The Federal Reserve appears on track to slow its bond purchases by
the end of this year if the economy continues to improve. However, it remains
divided over the exact timing of the move.
That's the message from the minutes of the Fed's July 30-31 meeting released Wednesday.
The Fed's massive bond purchasing program represents the U.S. government's chief tool to stoke an economy still struggling to create jobs four years after the recession ended.
Debate among Fed chairman Ben Bernanke and his colleagues over when to taper the stimulus has roiled financial markets from Jakarta to Mumbai to New York. The release of the July minutes was widely anticipated as a glimpse into the thinking of the officials at the Federal Reserve, the agency responsible for regulating the amount of money in circulation.
"They'll probably start to taper in September," said Josh Feinman, the New York-based global chief economist for Deutsche Asset & Wealth Management, which oversees $400 billion. "They know that that's widely anticipated, and they haven't done anything to deflect those expectations."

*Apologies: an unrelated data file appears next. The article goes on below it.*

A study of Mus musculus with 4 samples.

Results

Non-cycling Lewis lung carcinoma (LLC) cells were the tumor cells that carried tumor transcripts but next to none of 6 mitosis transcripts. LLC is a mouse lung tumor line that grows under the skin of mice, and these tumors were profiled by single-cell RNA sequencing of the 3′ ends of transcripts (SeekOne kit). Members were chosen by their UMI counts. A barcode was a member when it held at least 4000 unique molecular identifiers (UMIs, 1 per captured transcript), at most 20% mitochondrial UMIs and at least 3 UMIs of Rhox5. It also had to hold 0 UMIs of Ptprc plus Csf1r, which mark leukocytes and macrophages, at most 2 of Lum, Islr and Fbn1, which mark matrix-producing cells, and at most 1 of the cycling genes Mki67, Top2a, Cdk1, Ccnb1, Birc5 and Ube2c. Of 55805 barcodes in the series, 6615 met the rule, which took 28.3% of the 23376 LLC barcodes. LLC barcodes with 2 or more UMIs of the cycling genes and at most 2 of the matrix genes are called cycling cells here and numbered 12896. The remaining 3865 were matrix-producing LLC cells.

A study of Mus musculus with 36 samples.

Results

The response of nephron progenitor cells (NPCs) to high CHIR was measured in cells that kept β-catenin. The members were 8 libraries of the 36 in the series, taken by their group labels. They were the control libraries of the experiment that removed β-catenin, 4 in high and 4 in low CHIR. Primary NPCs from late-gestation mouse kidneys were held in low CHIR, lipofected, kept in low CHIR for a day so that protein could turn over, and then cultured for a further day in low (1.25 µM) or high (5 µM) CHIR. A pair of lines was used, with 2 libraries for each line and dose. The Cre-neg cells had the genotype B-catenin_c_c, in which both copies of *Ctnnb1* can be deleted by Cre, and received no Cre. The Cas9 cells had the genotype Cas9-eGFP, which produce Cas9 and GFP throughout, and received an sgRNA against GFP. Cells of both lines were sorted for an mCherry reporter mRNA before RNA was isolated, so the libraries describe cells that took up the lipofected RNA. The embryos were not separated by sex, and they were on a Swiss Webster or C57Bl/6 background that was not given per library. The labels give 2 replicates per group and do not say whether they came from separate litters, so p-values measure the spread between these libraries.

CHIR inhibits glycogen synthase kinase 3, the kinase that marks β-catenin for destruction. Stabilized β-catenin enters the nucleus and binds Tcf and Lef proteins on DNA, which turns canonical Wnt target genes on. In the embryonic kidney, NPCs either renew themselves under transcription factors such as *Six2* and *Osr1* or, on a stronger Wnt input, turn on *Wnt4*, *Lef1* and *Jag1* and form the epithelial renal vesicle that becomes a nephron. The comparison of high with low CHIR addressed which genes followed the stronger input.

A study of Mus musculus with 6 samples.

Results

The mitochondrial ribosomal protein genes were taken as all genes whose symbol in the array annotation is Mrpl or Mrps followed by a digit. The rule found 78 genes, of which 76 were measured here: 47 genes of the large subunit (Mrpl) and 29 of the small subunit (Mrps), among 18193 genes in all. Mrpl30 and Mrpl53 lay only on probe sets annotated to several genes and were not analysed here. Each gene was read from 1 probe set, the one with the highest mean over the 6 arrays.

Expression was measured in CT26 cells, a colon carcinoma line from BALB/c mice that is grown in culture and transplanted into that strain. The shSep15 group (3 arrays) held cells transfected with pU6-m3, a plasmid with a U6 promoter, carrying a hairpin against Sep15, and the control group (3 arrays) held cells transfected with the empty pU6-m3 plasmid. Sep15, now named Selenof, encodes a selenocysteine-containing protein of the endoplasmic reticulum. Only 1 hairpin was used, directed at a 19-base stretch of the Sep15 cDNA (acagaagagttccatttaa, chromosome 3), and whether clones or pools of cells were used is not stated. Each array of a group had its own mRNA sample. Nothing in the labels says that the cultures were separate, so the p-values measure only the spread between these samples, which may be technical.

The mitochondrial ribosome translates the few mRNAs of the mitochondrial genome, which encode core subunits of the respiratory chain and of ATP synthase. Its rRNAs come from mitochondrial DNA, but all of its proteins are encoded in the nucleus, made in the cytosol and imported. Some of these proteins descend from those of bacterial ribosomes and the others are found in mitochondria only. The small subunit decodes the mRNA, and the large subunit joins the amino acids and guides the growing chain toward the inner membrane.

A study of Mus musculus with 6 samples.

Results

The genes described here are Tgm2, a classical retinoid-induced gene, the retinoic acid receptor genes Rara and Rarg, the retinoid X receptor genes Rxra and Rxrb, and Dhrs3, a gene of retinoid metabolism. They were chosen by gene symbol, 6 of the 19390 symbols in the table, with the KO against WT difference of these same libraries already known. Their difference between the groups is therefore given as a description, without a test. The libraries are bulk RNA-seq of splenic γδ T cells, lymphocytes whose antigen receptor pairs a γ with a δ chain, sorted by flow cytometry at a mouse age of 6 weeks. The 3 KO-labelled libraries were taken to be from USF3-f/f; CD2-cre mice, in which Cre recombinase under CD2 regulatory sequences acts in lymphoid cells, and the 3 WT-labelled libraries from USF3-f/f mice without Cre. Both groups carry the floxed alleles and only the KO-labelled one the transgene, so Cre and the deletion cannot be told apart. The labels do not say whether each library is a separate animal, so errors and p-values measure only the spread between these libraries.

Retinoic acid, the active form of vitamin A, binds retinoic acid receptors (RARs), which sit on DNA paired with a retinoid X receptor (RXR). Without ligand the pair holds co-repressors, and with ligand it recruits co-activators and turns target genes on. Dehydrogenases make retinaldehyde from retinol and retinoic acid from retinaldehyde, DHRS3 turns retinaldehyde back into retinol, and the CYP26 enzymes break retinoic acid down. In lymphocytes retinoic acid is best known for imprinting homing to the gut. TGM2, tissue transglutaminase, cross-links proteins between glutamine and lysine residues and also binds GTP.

According to the minutes, a few policymakers said they wanted to assess more economic data before deciding when to scale back the central bank's $85 billion a month in Treasury and mortgage bond purchases.
Some Fed officials have said the bond purchases, while helping reduce unemployment, are stoking excessive risk-taking in assets such as junk bonds and leveraged loans. Others said it "might soon be time" to slow the purchases, which have helped keep long-term borrowing rates near record lows, and also driven oil prices higher.
"There's more debating than deciding," said Michael Hanson, senior economist at Bank of America Merrill Lynch. "We didn't get a strong indication that the committee broadly is prepared to taper in September."
Nor did the minutes give any indication of how fast the Fed would scale back its purchases once it begins or whether it would cut back equally on Treasury and mortgage bond buying.